Phil Mickelson wears the white hat. The public ' the majority ' sees him this way. They see him sign pictures and golf balls and programs and pieces of paper by the hundreds. They see him with his pretty wife and his pretty daughters. They see him with his goofy, permanent smile.
They see him win; they see him lose. They see how he handles both. They love him for this.
They want to be Phil Mickelson. They want the pretty family and the millions of dollars and the playing golf for a living. They want this wonderful life.
And since they cant be him, they want for him. They want for the man who interacts with them and makes them feel a part of this wonderful life. They want what he wants.
They got it on April 11, 2004.
They had seen this all before ' at the U.S. Open and at the PGA Championship and at this very Masters Tournament.
They had seen him in contention for a major championship. They had seen him with his left hand on the trophy, unable to grasp it fully with his dominant right hand. They had seen him fail, again and again and again.
But they hadnt seen him in this particular situation ' with a share of the lead with 18 holes to play.
They wondered: would this be any different? This was supposed to be a new Phil Mickelson, one no longer hell-bent on power, but on precision. A Phil Mickelson reprogrammed to win major championships.
They would hope for something different this time ' but they would believe it only when they could actually see it.
And so they watched.
They watched as he bogeyed the third hole and the fifth and the sixth on this Sunday. They saw him fall three down when Ernie Els eagled the par-5 13th. They closed their eyes and they thought: no, this will not be any different.
OK, Phil, just go ahead a dump a couple of balls in the water on 12 and 13 and lets end this failed experiment.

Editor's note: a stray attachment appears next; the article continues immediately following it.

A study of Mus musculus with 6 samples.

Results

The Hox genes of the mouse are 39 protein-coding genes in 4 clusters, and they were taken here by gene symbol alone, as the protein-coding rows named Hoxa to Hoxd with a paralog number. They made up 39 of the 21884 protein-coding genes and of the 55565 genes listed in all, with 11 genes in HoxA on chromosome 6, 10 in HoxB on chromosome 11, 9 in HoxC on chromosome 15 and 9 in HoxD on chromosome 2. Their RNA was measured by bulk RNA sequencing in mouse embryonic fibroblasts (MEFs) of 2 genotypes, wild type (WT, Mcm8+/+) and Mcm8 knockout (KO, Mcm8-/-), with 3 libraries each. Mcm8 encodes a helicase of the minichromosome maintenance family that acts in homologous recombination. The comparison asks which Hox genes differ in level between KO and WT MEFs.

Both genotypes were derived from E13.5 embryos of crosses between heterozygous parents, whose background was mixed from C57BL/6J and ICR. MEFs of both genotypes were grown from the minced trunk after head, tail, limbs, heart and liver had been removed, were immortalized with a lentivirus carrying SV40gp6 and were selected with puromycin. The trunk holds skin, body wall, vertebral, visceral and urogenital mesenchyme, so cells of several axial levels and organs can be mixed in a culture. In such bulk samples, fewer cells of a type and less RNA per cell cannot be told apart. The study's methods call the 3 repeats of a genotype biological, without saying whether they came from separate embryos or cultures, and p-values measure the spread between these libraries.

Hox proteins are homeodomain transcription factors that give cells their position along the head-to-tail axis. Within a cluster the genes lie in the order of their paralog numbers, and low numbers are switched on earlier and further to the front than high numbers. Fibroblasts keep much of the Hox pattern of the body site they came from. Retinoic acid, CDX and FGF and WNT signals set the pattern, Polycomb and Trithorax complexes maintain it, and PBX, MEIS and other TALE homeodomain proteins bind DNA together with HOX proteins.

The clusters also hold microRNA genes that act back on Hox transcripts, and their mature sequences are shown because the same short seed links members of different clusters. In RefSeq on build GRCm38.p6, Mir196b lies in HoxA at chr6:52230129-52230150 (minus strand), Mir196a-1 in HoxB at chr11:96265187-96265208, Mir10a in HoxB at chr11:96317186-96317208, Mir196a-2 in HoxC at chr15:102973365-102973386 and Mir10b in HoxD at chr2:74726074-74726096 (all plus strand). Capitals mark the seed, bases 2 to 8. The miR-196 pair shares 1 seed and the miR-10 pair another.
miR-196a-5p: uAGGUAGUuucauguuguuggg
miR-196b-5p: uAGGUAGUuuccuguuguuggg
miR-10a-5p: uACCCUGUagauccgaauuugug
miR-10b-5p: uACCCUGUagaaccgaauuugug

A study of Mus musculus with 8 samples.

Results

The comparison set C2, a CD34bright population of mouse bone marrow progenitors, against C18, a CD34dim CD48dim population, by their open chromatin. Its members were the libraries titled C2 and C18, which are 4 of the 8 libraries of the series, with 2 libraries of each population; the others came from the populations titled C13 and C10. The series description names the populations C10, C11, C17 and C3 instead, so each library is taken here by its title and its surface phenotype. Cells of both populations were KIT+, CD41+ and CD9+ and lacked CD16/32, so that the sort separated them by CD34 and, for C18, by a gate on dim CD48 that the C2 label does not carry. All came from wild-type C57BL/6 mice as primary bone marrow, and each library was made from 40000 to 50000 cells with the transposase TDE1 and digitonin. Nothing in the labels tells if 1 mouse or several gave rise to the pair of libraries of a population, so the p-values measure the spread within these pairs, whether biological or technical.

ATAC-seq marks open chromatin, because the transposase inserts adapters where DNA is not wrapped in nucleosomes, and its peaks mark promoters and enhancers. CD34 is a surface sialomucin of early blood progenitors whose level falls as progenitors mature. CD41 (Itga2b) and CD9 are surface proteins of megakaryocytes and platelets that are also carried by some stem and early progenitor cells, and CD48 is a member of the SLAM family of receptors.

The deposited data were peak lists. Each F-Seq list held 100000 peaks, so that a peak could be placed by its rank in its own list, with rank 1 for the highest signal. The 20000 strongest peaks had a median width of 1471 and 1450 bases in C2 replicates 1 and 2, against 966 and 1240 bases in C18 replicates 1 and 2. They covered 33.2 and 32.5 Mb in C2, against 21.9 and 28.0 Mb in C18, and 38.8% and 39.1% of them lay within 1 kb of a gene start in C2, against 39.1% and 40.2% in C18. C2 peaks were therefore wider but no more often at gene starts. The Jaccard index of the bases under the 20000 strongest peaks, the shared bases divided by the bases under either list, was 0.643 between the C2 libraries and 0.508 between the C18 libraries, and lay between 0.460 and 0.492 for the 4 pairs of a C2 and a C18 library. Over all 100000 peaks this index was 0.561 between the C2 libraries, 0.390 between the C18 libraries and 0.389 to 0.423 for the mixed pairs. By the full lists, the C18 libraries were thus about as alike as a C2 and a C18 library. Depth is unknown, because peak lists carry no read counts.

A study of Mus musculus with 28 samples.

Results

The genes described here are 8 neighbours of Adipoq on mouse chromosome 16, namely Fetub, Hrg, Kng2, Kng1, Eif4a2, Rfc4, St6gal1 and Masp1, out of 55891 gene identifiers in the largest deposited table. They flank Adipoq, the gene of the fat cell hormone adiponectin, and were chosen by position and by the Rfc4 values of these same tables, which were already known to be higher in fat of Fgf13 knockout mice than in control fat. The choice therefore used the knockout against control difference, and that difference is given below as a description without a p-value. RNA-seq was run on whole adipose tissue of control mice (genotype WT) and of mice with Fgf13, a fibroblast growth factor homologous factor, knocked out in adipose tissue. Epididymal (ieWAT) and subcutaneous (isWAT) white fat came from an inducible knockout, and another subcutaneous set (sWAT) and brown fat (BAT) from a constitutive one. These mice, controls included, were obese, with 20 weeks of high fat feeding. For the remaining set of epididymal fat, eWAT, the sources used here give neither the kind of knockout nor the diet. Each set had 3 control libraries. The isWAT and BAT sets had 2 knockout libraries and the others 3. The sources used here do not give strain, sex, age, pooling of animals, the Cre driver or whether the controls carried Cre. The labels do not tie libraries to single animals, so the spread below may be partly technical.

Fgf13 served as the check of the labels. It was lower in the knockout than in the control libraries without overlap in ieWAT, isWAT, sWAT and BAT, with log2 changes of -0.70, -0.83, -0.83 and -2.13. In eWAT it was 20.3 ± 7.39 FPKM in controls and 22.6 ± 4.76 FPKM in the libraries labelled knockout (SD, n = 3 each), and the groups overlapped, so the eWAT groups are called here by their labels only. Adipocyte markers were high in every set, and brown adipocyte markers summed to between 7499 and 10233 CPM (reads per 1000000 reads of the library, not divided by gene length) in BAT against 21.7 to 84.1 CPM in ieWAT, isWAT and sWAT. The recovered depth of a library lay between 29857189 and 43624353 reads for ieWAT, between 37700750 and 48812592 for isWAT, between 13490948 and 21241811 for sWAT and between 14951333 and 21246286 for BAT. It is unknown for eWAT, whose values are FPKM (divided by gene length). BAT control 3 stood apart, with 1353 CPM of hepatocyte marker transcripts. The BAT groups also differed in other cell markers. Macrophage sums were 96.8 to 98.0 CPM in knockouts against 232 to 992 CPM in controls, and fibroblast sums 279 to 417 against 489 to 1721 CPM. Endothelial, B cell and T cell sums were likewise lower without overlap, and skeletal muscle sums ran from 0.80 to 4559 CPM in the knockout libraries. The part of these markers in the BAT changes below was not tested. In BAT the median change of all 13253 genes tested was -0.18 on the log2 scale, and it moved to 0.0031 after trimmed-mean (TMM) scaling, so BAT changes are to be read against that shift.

No, no, instead lets birdie 12 and 13 and make this a tournament.
Phil did this and reopened a sea of eyes. And even when Ernie birdied 15 to go up by two, those eyes ' the thousands in Augusta and the millions around the world ' were open, wide open to hope and possibility.
And Phil had this same look in his eyes. He, too, believed.
He birdied 14 after nearly holing his approach shot. And after failing to birdie the par-5 15th, he made a birdie from 20 feet on the par-3 16th. He was tied for the lead with two holes to play.
Ernie could not birdie 17 or 18. And he could not watch. The tournament ' the one he wanted to win equally as much as his very popular opponent ' was no longer on his clubs, and all he could do was go to the practice range, hit a few balls, hope for a playoff, wait and listen to the crowd.
The crowd would certainly let Ernie, and everyone as far away as Atlanta, know of Phils fate on the final hole.
After a par on 17, Phil piped a drive down the middle of the fairway on 18, leaving himself 162 yards to the pin. He then hit his approach shot ' just his 30th swing on the back nine this Sunday ' just beyond the flagstick.
They watched him as he walked up the final hole. They saw him wave and smile, and it was for them. And this putt, should it fall, would be for them as much as him, as well.
They all would have to wait for the result of this putt. But this was a good thing. Phils playing companion, Chris DiMarco, was mired in the front greenside bunker. He would excavate his ball onto the green, almost on top of Phils marker ' but just beyond.
So Chris would have to putt first. Everyone watched, but none more studiously than Phil. Chris would miss left; Phil would make sure he did not.
Phils putt was said to be distanced at 18 feet between ball and hole. But its importance was immeasurable.
How could you measure the worth of major championship ' for a man who had never won one; for a man who had played in 47 of them; for a man who had worn this losing label like a scarlet letter?
And so they watched. They watched as the ball left from the putter. They watched as it tracked towards the hole. They watched as it tried to escape on the left side. They watched as it was pulled inside by the cups edge.
They exploded before the ball could clang the plastic bottom. They screamed and hugged and watched as their man jumped in the air and threw his hands much higher.
And in the distance, Ernie Els closed his eyes and shook his head. He knew. He didnt have to see.
They watched as Phil hugged and kissed his pretty wife and his pretty daughters. They watched as he put both arms inside a green jacket. They watched as he held aloft the replica of the Augusta National clubhouse.
He had always promised them that this day would come.
They had finally seen what they had always wanted to see. And it was better than they ever could have imagined it to be.